The Clash and Collapse of the Ottoman and Russian Empires, 1908-1918
Cambridge University Press 2011
New Books in Eastern European StudiesNew Books in HistoryNew Books in Middle Eastern StudiesNew Books in Peoples & PlacesNew Books in Politics & SocietyNew Books in Russian and Eurasian StudiesNew Books Network April 22, 2011 Marshall Poe
Most of us live in a world of nations. If you were born and live in the Republic of X, then you probably speak X-ian, are a citizen of X, and would gladly fight and die for your X-ian brothers and sisters. If, however, you were born and live in the Republic of X and you are not–by self-proclaimed identity–X-ian, then you are, well, a problem.
But it wasn’t always so. Prior to the nineteenth century, people generally did not live in a world of nations. They lived in a world of empires. Now in hindsight, we say that these empires were “multinational,” that is, they were made up of nations. But the elites who ran the empires didn’t think so. They saw them as made up of territories where the sovereign’s writ ran, not “nations” that the sovereign ruled (though there was some of that as well).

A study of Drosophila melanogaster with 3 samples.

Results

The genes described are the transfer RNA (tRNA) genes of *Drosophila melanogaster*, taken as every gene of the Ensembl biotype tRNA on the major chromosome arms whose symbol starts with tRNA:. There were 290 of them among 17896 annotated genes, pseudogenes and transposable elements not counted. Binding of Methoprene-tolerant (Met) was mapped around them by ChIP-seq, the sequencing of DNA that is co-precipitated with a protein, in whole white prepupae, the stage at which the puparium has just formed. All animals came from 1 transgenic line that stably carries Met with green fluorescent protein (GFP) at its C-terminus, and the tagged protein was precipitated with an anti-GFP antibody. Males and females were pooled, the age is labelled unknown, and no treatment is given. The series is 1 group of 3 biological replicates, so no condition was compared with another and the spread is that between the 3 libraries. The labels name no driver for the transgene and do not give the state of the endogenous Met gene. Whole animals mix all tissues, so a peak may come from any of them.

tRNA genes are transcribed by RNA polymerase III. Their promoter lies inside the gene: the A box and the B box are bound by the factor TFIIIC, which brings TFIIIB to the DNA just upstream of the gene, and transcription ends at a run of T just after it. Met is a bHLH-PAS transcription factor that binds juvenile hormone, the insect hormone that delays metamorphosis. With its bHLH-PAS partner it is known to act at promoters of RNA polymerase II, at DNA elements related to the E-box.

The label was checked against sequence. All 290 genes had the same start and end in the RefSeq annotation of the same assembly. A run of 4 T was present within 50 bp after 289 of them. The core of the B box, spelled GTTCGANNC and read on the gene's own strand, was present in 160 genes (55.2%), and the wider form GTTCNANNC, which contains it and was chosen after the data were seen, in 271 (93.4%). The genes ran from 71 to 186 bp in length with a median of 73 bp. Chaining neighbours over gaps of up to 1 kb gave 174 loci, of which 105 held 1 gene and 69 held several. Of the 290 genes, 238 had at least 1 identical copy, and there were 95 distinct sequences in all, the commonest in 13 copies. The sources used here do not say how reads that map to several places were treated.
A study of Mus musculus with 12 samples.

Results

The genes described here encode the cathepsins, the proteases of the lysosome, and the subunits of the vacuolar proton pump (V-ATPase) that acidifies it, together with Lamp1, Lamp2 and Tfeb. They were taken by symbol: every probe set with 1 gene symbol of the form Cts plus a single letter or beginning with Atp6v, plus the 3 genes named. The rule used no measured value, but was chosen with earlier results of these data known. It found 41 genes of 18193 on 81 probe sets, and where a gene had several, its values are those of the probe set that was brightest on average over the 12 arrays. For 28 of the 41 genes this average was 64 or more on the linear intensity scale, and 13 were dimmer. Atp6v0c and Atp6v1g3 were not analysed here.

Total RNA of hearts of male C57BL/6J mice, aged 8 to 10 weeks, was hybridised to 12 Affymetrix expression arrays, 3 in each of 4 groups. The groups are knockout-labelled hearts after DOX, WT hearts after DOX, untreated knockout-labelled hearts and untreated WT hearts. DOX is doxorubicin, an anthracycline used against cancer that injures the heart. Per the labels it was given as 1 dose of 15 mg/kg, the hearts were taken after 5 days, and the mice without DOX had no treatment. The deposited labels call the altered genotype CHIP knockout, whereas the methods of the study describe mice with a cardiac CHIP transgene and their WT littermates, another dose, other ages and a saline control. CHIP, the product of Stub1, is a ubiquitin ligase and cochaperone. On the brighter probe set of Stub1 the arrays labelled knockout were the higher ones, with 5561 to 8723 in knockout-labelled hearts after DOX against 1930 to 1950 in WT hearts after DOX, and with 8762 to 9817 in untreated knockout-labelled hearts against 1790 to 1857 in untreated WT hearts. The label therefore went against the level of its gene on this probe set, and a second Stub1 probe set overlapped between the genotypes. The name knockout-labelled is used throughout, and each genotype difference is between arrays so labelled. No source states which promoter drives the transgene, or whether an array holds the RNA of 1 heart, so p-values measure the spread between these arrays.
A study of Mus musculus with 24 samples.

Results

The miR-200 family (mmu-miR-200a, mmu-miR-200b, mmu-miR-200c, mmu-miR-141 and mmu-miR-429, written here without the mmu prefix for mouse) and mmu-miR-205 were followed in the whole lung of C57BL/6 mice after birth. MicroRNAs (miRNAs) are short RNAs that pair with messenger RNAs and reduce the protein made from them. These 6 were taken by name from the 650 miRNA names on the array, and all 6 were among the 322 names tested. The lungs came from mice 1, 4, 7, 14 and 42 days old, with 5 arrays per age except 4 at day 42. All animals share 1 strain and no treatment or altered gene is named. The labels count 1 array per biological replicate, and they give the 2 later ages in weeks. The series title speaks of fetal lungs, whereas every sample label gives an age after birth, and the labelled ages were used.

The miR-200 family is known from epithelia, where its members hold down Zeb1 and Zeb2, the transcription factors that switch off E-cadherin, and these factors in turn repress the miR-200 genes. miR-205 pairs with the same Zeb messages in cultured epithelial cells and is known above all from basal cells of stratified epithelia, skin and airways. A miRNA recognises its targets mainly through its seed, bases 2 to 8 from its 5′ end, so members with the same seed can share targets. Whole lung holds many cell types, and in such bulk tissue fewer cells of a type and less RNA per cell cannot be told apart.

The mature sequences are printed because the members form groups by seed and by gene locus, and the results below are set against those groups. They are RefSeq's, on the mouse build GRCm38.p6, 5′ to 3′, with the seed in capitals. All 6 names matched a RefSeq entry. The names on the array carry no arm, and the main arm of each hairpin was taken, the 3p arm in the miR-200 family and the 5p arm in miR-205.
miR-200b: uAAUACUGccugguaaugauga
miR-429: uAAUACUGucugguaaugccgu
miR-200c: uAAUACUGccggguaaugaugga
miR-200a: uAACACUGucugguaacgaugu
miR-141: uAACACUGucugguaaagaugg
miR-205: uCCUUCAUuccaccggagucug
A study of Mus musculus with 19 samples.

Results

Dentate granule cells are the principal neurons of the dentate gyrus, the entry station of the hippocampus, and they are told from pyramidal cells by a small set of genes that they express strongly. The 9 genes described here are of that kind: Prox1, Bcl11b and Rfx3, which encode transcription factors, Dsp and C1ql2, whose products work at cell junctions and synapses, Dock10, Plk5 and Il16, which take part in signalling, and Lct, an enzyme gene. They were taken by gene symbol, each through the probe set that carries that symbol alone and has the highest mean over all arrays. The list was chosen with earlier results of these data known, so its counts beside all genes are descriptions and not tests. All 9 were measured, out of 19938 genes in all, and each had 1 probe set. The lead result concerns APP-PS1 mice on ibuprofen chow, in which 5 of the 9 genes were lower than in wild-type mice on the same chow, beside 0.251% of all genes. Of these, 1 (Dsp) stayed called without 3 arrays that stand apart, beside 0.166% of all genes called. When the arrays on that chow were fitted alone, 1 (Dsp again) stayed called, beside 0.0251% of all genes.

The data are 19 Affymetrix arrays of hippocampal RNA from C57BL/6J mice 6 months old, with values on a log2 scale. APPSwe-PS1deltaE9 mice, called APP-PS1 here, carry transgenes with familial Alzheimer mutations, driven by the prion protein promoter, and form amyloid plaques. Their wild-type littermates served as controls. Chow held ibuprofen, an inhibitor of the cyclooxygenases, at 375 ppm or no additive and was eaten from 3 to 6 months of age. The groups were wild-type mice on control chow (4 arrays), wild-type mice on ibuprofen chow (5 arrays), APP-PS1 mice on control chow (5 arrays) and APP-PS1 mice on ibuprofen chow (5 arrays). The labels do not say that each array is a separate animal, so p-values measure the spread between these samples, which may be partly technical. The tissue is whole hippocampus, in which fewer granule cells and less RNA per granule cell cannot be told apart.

As Michael A. Reynolds points out in his fine book Shattering Empires: The Clash and Collapse of the Ottoman and Russian Empires, 1908-1918 (Cambridge UP, 2011), European imperial elites of the nineteenth century faced a crisis when nations–and the political doctrine that said they should be self-governing, “nationalism”–began to grow in strength. The idea of nations and the program of nationalism were born in Western and Central Europe, where they caused some but not too much difficulty, at least at first (a story we will have to leave aside). When, however, the nation-states of Western and Central Europe began to threaten, territorially speaking, the empires of Eastern Europe, and to export the doctrine of nationalism to those regions, the real trouble began. For Austro-Hungarian, Russian, and Ottoman elites understood that war and nationalism in the imperial context would likely mean the end of empire. One could not fight external and internal enemies at the same time. They were not wrong in this. As Reynolds shows, they did the best they could, creating alliances with Western and Central European powers to buy time, fostering subversive nationalisms within the borders of their opponents, and, eventually, embracing nationalism and embarking on massive campaigns of ethnic cleansing and killing (most infamously in the case of the Armenians). In one case, they succeeded after a fashion in holding the empire together, at least for a time (Russia); in two others they failed (Austria-Hungary and the Ottoman Empire). But they were all victims of war and nationalism, forces they helped create and could not control.